Updated on February 14, 2011

The iconic Gibson L5 archtop guitar was first produced in 1922, and remains popular today. It was heavily used by big band guitarists during the 1930s and 40s, and was probably the most popular rhythm guitar of that period on account of its powerful sound, which made it ideal for playing with an large band. It is still a favoured choice among jazz guitarists today.

The L5 was also the first guitar with F holes, which are part of its characteristic appearance, as is its choice of natural and sunburst finishes.

The build and appearance of the L5 has undergone various changes over the years. For example, the back was originally made of birch, but later changed to maple. Earlier models of the guitar also tended to be plainer in appearance than their later counterparts, which were more heavily ornamented.

In 1939, a cutaway version was introduced, and was criticised by some players who felt that the guitar’s volume was negatively affected. However, by the 1960s it was almost impossible to find non-cutaway versions of the L5, although vintage models may still be available.

The Gibson L 5 has been a popular guitar among many notable players over the decades, such as Wes Montgomery, Maybelle Carter, Django Reinhardt, and Ronnie Wood.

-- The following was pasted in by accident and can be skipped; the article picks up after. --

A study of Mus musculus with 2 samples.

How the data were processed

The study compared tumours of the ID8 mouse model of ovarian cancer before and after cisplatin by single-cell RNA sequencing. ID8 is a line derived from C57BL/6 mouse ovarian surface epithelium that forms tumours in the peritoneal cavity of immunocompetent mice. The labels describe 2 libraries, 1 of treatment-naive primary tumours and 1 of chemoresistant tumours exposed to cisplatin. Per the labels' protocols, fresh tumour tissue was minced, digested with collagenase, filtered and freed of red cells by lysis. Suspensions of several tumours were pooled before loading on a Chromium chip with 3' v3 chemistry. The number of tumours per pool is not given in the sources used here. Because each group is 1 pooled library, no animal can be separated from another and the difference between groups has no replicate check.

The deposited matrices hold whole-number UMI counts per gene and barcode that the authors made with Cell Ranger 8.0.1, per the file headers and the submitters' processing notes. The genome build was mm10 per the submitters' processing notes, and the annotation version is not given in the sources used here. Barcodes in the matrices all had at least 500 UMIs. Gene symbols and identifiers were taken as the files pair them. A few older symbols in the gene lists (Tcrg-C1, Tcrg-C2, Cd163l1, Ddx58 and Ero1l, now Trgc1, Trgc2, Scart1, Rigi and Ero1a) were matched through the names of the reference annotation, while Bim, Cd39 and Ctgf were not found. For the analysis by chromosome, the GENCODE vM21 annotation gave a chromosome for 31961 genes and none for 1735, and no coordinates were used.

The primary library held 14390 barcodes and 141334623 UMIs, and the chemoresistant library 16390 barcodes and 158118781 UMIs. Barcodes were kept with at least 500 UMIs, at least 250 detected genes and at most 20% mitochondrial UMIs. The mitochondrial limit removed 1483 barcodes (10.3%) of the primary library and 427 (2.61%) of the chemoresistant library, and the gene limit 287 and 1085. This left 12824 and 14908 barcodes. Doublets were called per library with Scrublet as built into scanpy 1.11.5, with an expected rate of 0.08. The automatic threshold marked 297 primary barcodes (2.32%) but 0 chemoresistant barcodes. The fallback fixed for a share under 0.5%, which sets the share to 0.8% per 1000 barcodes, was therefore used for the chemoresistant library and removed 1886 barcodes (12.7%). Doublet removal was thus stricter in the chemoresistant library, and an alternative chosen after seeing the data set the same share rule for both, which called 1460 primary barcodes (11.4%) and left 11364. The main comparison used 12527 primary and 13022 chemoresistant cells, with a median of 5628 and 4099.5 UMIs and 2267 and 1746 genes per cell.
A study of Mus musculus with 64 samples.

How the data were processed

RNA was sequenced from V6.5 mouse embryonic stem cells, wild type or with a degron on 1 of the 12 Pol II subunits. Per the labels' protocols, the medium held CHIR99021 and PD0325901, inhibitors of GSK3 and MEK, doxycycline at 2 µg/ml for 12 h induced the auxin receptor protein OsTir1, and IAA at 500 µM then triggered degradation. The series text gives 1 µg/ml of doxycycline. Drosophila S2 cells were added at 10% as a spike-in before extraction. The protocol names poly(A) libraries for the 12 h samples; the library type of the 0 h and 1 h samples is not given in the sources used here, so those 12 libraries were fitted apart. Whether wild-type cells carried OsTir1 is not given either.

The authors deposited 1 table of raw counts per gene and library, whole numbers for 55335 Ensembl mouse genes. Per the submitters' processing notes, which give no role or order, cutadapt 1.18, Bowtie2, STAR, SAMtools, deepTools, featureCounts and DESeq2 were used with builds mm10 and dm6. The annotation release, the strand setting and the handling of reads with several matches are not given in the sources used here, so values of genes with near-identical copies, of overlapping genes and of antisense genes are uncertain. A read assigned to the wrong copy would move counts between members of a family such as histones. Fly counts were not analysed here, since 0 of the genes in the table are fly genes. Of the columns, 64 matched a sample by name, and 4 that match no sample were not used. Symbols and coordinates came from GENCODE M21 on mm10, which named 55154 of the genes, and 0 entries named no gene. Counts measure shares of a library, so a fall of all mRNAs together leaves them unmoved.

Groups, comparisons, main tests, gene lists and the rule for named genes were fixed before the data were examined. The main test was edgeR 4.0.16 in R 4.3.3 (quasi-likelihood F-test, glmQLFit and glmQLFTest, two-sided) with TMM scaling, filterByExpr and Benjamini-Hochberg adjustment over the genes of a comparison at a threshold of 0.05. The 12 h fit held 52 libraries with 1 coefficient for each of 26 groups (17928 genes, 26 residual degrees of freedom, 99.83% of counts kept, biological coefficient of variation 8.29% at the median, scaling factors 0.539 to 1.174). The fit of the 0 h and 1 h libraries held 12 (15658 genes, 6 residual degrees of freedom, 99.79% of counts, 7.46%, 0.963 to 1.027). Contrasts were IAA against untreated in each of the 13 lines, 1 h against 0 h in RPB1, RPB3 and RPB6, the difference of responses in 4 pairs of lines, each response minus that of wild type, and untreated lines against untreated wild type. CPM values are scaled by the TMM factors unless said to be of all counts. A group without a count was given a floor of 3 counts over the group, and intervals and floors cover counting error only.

Other Versions Of The Gibson L 5

Eddie Lang's Gibson L5

Photo: http://en.wikipedia.org/wiki/File:Guitar_of_eddie_lang_L5.jpg
Photo: http://en.wikipedia.org/wiki/File:Guitar_of_eddie_lang_L5.jpg

Various L5 models have been produced over the years, and Gibson have also made departures from the standard hollow body acoustic form.

The Gibson L5S for example, was a solid body electric version of the L5. It was first introduced in 1972, but was not a huge success, and Gibson eventually ceased production of the L5 S in the 1980s.

The Gibson L5 CES was introduced in 1951, and is an electric version of the L5. Unlike the L5S, the L5 CES has a hollow body. The CES is still in production and may be ordered via Gibson Custom Shop in a choice of vintage sunburst, ebony or antique natural finishes.

The Gibson L5 Guitar (Book)

L5 enthusiasts might enjoy the book 'The Gibson L5 Guitar' by Adrian Ingram. First published in 1997, this book takes a look at the history of the L5 and the guitarists who helped it rise to prominence. The book is also lavishly illustrated with full colour photographs.